Target Q4 numbers beat estimates, shares spike

Retail giant to spend up to $5B in 2023 on various initiatives, including supply chain facility expansion

Target’s new sortation hubs are designed to take pressure off stores and speed delivery times. (Photo: Target)

The Minneapolis-based retailer also announced plans to spend up to $5 billion this year across a variety of disciplines, including an expansion of its supply chain facilities. 

Earlier this month, Target (NYSE: TGT) said it would invest $100 million through 2026 to add more than half a dozen additional sortation facilities to its U.S. network. Its goal is to reach 15 sort centers within the next four years, up from the current level of nine.

These facilities, erected next to or near Target locations, would take distribution pressure off the stores and allow employees to focus more time on serving customers.

Sortation centers, which launched in Minneapolis in 2020, are part of Target’s “stores-as-hubs “strategy, which leverages brick-and-mortar stores to fulfill online orders.

Sortation hubs, the next phasse of that model, allow stores to ship their e-commerce orders to these facilities to be batched and routed for deliveries. The hubs also create a central repository for Shipt to retrieve orders for delivery.

Starting in the spring, Target will expand an offering known as Drive Up Returns that allows customers to return new, unopened items from their car at no charge. Drive Up Returns will be available on purchases made through accounts, the retailer said.

The objective, according to Target, is to build in more efficiencies to the returns process and reduce the costs and inconvenience of handling mail-in returns.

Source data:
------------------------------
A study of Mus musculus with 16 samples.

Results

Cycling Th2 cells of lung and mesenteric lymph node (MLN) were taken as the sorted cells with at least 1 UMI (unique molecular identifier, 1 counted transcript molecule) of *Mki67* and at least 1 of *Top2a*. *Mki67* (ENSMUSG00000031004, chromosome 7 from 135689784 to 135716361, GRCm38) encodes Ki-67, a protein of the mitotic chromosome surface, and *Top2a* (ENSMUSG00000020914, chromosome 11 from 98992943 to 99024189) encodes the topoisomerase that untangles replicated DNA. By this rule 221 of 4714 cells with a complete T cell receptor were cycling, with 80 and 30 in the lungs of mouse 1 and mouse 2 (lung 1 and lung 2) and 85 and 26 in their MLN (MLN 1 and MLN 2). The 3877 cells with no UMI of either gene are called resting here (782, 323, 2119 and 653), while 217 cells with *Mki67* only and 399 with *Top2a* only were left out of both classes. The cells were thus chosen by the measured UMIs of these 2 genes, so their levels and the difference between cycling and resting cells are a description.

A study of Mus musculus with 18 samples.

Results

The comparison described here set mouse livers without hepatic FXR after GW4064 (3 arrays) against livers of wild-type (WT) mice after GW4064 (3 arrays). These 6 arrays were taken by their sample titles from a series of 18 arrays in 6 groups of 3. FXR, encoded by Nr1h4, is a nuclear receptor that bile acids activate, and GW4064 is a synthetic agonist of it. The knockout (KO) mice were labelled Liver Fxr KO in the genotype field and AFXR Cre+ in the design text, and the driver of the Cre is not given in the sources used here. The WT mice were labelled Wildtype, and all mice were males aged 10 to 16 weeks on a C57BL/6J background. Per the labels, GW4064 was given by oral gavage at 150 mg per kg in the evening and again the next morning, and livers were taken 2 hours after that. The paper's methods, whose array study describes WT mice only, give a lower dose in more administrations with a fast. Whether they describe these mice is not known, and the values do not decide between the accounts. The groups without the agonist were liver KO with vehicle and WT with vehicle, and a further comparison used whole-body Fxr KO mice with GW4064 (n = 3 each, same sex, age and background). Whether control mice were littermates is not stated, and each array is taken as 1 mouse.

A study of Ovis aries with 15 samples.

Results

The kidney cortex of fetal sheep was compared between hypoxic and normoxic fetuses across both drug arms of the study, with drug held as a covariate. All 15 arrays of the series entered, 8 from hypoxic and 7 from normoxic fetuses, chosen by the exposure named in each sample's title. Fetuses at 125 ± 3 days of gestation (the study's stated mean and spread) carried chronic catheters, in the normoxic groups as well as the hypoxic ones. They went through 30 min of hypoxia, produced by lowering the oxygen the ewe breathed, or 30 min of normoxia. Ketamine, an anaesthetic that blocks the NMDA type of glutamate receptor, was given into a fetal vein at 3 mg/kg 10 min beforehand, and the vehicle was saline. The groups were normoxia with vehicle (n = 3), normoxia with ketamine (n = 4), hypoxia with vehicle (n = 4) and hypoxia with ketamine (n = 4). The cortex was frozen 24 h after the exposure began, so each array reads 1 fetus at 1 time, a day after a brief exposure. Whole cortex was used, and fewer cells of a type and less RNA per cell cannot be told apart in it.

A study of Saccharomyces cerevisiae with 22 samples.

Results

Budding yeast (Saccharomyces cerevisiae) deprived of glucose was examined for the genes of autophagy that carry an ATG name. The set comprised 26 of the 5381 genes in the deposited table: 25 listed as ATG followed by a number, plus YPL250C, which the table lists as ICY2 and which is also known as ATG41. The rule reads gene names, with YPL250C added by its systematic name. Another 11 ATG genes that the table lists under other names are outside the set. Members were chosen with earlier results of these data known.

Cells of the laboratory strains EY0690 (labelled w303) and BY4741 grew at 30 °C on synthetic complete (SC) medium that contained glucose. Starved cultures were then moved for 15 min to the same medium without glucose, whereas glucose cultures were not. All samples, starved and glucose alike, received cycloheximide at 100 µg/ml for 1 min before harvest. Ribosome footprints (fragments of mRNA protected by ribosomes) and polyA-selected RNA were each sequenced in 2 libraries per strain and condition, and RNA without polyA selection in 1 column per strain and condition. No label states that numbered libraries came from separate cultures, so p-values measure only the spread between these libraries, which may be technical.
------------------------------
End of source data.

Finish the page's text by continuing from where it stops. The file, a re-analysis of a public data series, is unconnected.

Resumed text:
Adjusted earnings per share for the Minneapolis-based retailer reached $1.89, well above the $1.39 analysts projected. Same-store sales increased 0.7% year on year, compared to a minus-1.74% projected decline.

Total revenue of $31.4 billion grew 1.3% in the fourth quarter compared with last year, driven by sales growth of 1.2% and an 8.4% increase in other revenue. Operating income was $1.2 billion in Q4 2022, down 44.7% from $2.1 billion in 2021.

Same-day services such as in-store pickup, store drive-up pickups and its Shipt delivery service, rose 4.3% in the quarter. Those services accounted for 10% of Target’s $31.4 billion in quarterly revenue.

Inventory at the end of the quarter was 3% lower than the same period of 2021. Inventory in higher-margin discretionary categories like electronics was approximately 13% lower than a year ago. That figure was partially offset by higher inventories in so-called frequency categories like food as consumers pressured by higher costs focused more of their spending on basic every-day items.

“We’re pleased that we entered the year in a very healthy inventory position, reflecting our conservative approach in discretionary categories and our commitment to reliability in our frequency businesses,” said Target Chairman and CEO Brian Cornell.

Cornell called last year’s operating environment the most “expensive we’ve seen in decades.”

Target and rival Walmart Inc. (NYSE: WMT) were badly burned during 2022 for holding too much discretionary product inventory just as consumers’ needs began to change. Target was able to adjust quickly, however, to reposition its inventory, even if it meant absorbing markdowns to move higher-margin goods quickly out the door.

That strategy was reflected in the company’s fourth-quarter operating income margin rate, which stood at 3.7%, compared with 6.8% in 2021. Target’s Q4 gross margin rate was 22.7%, compared with 25.7% in ’21.

More than half way through Tuesday’s trading session, Target’s shares were up 2.85% to $171.60


Formerly the Executive Editor at DC Velocity, Mark Solomon joined FreightWaves as Managing Editor of Freight Markets. Solomon began his journalistic career in 1982 at Traffic World magazine, ran his own public relations firm (Media Based Solutions) from 1994 to 2008, and has been at DC Velocity since then. Over the course of his career, Solomon has covered nearly the whole gamut of the transportation and logistics industry, including trucking, railroads, maritime, 3PLs, and regulatory issues. Solomon witnessed and narrated the rise of Amazon and XPO Logistics and the shift of the U.S. Postal Service from a mail-focused service to parcel, as well as the exponential, e-commerce-driven growth of warehouse square footage and omnichannel fulfillment.